The red area shows the municipalities in Poland that have signed the ‘LGBT-free’ pledge. (Atlas of Hate)
In a narrow vote, councillors in Kraśnik, in eastern Poland, voted Tuesday (22 September) to keep their municipality an “LGBT-free zone” in an open challenge to the scores of European Union pressure to undo such patches of open hostility.
Presenting a fresh test for the bloc’s officials, the problem of Poland’s increasing patchwork of towns and district’s – many tied to EU funding programs – that declares themselves “free from LGBT+ ideology” has rankled many queer activists.
According to Thomson Reuters Foundation, the mayor Wojciech Wilk’s office in Kraśnik said councillors voted 11 to nine to keep the symbolic motion passed in May 2019. Councillors said at the time that they vowed to defend the town from “radicals striving for a cultural revolution”.
“The citizens of these cities are losing because of the path [politicians] choose,” said Bartosz Staszewsk, an activist ardently campaigning against the zones. Staszewsk said the move was against the interests of the town’s some 35,000 residents.
In LGBT+ people, Poland picked its new top enemy.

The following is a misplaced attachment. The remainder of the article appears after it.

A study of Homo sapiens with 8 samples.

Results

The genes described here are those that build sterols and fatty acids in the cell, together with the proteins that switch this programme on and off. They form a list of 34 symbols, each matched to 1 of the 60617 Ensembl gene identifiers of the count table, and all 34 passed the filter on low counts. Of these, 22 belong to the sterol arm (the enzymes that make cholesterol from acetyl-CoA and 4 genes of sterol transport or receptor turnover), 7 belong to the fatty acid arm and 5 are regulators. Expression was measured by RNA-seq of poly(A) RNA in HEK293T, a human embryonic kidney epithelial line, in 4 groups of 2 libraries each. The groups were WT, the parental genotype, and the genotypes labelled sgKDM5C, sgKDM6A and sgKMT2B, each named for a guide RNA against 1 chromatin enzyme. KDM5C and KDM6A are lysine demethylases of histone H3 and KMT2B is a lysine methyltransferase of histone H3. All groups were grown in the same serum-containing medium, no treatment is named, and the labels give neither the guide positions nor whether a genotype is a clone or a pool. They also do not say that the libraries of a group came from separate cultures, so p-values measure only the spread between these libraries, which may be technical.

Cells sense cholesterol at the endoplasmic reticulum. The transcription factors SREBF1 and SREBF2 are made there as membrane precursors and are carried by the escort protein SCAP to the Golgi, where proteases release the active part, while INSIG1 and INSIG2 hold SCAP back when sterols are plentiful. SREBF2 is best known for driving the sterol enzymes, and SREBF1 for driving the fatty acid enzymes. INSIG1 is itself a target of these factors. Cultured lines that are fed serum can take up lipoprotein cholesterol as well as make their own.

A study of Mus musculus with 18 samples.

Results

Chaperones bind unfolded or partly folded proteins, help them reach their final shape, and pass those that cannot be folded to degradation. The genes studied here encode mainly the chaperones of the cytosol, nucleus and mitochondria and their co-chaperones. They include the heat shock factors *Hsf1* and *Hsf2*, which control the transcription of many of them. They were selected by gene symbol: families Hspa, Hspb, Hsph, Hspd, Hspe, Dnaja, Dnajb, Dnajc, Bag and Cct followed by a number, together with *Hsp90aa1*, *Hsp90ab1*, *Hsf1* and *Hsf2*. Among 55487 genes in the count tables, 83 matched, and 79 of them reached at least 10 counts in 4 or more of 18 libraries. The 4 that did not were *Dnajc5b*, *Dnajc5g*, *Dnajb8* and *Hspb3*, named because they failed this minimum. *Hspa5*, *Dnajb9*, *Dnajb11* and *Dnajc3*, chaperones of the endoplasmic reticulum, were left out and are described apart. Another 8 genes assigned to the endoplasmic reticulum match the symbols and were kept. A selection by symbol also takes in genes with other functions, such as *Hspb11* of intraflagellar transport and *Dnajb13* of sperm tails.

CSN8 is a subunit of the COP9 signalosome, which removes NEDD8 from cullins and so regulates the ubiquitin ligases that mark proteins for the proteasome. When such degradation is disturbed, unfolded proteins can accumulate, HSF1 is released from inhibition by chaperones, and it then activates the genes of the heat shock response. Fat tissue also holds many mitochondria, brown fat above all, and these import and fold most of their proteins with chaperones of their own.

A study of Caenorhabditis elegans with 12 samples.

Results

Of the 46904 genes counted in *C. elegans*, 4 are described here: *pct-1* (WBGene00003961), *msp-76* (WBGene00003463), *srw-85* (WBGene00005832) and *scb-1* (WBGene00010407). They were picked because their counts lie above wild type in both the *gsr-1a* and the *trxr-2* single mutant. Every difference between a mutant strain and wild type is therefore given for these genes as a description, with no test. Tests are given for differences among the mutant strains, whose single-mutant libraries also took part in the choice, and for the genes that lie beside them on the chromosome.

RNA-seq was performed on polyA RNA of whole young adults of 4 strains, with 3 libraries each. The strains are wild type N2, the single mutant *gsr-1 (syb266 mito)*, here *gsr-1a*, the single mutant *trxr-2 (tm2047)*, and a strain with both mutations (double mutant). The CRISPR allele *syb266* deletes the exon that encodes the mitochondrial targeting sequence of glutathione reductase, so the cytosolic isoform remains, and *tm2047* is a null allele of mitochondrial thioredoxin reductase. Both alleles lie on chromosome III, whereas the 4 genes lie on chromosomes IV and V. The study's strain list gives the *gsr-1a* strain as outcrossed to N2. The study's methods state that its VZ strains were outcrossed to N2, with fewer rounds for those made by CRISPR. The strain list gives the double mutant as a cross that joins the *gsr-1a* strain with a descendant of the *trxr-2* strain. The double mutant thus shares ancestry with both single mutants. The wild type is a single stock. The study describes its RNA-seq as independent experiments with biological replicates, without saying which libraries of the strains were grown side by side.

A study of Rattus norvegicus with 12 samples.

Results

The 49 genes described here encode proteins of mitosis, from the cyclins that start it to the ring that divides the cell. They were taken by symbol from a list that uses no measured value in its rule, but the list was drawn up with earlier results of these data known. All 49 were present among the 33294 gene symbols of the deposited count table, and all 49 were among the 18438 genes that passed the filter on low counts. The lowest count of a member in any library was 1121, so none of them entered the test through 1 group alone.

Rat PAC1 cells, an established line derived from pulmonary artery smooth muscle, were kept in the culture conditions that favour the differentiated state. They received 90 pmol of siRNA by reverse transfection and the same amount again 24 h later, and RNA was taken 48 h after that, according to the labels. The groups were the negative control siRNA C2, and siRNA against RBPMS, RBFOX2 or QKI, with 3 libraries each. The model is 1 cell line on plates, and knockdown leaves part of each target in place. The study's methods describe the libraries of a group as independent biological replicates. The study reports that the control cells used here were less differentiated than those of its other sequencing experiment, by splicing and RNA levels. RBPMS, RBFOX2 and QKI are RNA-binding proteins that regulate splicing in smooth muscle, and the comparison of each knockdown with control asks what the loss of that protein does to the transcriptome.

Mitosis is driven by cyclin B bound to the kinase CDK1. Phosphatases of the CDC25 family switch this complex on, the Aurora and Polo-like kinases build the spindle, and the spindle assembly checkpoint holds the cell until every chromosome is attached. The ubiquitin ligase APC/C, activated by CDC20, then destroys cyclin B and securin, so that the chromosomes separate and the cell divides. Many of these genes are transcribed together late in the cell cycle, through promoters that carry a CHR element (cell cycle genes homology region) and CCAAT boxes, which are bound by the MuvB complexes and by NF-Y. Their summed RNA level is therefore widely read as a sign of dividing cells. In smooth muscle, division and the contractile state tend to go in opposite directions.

Many EU leaders have grappled with how to handle Poland’s dizzying spiral into homophobia, where Jaroslaw Kaczynski, the leader of the governing Law and Justice, has repeatedly positioned LGBT+ people as a corrosive threat to so-called traditional values.
Such attacks have been amplified further by a state media which has been twisted into a propaganda arm of the government, as well as by Catholic clergy leaders and the country’s president, Andrzej Duda.
Indeed, Duda and Kaczynski’s party election campaigns were both bitter displays in which support was sought by stirring disgust among voters, emboldening an increasing amount to commit acts of violence against LGBT+ people.
This new impunity felt by homophobes has seen Pride-goers at parades in far-flung towns have bottles, eggs and firecrackers lobbed at them, while Poland has become a patchwork of “LGBT-free zones” across 100 municipalities – more than one-third of the country.
As much as Poland’s ruling lawmakers have denied or downplayed these zones, European officials have imposed financial sanctions on “LGBT-free” towns by denying them funds for its town twinning programme.
MEPs and community leaders have urged EU leaders to safeguard the rights of LGBT+ community in Poland, with gay Polish politician Robert Biedron likening the “dehumanisation” of the LGBT+ community to the treatment of Jewish people before World War Two — echoing a similar warning from the country’s Jewish leaders.